A new report shows that there are almost 4,000 openings for various healthcare jobs throughout Hawaii. The report shows many openings for registered specialty nurses, CNAs, medical assistants, LPNs, and social workers.
Healthcare employees reported 3,873 job openings this year within 89 patient-facing job roles for an average job vacancy rate of 17%, compared to a 10% vacancy rate reported in the HAH’s 2019 inaugural report. The job turnover rate climbed to 20%, up from 16% in 2019. The average length of time to fill open positions is 6 to 12 months, which was the same amount of time needed to fill roles reported in 2019.
The report was originally scheduled to be released in 2021, but its release was delayed due to the COVID-19 pandemic.
It showed that Hawaii’s smallest islands, including Lanai and Molokai, have the highest percentage of job vacancies.
The registered specialty nurse profession has the greatest need, according to the report. It showed that the state has 999 job openings for that role, representing a 116% increase since 2019. The state also has job openings for 744 CNAs (a 78% increase from 2019), 278 openings for medical assistants (a 162% increase from 2019), 211 openings for LPNs (a 47% increase since 2019), and 126 openings for social workers (a 110% increase from 2019).
The report showed 320 total openings for entry-level positions—including personal care assistants, phlebotomists, and patient service representatives—with personal care assistants topping that list with the state needing to fill 181 openings in that category.
Hawaii has many training gaps for nurse aides, LPNs, and phlebotomists as well. Many of the state’s training programs are only offered on the island of Oahu, according to the report, which stated a need to establish more college and high school training programs on neighboring islands.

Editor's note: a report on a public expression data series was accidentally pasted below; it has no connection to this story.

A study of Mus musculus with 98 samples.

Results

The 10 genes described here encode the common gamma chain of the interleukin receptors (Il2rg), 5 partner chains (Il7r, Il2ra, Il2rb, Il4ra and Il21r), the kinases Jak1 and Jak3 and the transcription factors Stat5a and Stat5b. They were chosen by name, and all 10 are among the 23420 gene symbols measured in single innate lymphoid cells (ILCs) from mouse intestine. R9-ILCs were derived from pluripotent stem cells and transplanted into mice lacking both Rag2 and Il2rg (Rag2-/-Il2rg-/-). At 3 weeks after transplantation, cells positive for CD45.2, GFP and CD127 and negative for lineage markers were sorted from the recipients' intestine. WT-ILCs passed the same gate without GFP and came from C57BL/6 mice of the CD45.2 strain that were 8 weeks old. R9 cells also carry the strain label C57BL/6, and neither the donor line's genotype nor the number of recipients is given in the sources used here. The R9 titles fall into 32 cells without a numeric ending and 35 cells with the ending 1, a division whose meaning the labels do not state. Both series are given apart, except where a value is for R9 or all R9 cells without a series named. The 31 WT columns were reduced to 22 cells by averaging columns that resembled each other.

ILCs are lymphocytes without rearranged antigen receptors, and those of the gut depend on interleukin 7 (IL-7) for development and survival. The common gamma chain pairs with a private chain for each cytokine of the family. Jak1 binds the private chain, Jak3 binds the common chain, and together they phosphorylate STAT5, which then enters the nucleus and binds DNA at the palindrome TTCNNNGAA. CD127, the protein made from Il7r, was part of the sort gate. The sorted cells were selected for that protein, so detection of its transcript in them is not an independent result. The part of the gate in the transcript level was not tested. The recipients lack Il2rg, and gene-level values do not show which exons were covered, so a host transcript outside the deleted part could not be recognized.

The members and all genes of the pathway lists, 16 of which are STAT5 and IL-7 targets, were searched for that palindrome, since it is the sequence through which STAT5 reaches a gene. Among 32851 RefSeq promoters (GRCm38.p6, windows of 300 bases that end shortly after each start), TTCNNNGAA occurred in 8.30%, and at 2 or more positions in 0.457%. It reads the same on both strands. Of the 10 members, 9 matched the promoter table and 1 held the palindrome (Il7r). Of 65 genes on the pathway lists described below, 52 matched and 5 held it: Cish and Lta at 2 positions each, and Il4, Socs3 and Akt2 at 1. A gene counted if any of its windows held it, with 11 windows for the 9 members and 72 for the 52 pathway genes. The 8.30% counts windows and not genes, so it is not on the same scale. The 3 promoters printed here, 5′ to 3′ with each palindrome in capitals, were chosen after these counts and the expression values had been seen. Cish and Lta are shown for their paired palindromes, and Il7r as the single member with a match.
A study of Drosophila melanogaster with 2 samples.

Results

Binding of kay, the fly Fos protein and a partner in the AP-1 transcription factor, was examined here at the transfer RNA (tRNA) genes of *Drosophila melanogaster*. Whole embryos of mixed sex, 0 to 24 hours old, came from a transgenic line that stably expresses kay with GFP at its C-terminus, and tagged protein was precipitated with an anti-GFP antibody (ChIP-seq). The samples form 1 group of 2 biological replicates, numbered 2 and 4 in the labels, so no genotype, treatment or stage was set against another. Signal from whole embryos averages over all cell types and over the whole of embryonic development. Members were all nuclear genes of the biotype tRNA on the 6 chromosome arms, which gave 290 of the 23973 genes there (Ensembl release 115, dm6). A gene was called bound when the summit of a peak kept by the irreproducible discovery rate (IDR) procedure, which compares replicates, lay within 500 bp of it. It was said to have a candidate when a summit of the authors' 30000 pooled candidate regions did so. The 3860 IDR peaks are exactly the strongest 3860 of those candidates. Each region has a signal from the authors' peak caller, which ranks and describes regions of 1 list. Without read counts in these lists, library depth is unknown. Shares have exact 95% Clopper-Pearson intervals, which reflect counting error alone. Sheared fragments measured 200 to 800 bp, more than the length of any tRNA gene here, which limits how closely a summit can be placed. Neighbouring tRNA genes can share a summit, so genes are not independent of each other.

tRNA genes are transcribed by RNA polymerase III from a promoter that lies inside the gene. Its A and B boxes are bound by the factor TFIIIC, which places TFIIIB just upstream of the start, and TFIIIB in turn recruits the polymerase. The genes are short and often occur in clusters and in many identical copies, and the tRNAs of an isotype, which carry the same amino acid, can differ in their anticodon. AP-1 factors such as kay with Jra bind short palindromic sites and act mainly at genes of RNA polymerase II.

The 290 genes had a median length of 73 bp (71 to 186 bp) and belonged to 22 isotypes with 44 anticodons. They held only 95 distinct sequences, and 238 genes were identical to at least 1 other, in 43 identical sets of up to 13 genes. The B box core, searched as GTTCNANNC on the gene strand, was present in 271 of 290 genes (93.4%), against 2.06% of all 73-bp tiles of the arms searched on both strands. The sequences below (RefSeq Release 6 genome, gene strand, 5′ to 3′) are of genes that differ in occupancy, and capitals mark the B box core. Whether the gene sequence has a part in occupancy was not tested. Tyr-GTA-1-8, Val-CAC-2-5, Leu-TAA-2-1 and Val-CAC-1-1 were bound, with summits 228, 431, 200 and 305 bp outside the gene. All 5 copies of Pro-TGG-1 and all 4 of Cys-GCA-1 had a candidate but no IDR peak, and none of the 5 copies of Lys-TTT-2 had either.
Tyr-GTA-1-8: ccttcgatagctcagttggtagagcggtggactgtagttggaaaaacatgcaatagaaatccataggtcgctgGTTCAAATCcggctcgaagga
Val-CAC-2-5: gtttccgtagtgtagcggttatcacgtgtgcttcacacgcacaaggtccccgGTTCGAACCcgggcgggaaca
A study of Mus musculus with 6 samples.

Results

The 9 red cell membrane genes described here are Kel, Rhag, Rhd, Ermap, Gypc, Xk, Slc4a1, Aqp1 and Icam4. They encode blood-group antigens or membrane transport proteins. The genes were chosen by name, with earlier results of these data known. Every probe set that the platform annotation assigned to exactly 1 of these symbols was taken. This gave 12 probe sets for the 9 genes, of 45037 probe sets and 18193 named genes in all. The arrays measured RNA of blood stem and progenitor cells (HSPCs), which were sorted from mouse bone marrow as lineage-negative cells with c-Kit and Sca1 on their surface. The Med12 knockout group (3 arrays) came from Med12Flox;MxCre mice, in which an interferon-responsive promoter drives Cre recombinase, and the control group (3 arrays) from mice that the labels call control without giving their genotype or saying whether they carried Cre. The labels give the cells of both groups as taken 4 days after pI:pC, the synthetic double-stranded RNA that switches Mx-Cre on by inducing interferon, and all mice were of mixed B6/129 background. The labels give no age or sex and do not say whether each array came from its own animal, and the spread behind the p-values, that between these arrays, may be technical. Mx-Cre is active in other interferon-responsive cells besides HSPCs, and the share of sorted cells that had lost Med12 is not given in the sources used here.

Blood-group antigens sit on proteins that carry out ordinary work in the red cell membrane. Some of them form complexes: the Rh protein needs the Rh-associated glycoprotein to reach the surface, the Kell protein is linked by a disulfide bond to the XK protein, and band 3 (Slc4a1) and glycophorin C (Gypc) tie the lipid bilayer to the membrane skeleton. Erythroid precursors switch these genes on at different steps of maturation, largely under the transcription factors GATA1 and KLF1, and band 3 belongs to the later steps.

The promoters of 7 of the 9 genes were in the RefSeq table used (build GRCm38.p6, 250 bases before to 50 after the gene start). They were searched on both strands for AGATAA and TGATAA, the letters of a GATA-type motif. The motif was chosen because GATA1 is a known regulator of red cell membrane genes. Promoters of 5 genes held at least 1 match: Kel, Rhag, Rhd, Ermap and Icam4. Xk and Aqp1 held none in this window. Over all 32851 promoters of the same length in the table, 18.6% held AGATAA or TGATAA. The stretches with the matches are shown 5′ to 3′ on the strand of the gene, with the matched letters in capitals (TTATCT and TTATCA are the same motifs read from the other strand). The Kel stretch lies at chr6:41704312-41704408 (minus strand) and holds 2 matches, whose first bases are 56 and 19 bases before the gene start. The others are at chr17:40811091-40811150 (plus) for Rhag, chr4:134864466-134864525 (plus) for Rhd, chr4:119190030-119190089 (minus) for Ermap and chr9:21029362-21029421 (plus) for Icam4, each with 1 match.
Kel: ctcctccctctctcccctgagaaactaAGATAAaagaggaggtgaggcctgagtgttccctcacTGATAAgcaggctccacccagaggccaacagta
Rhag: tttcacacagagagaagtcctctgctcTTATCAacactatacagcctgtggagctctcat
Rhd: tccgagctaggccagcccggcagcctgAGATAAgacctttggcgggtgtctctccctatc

Carl Hinson, Director of Workforce Development at Hawaii Pacific Health, said employers are using evidence-based strategies to bolster the workforce, including growing the entry-level health certification pipeline and removing training barriers to create clear paths to careers.
“About 50% of Hawaii’s public high school graduates do not go to college immediately after graduation,” Hinson said in a press release. “So we’ve been making significant investments in ways for these high school students to train for living-wage salary jobs offered to them immediately upon graduation.
The earn-and-learn programs allow employees to schedule training around their current job schedules. Once training is complete, they enter healthcare jobs, often with higher wages. These types of employer-driven training programs and academies help reduce barriers to healthcare education and make it easier for young adults to transition into healthcare careers in their own communities.”
The upcoming 2023 Hawaii State of Reform Health Policy Conference will feature a panel titled “Strategies to meet Hawaii’s workforce needs,” during which leading state experts will discuss ways stakeholders can take action to support the struggling healthcare workforce. You can register to attend the conference in Oahu on Jan. 11th if you haven’t already!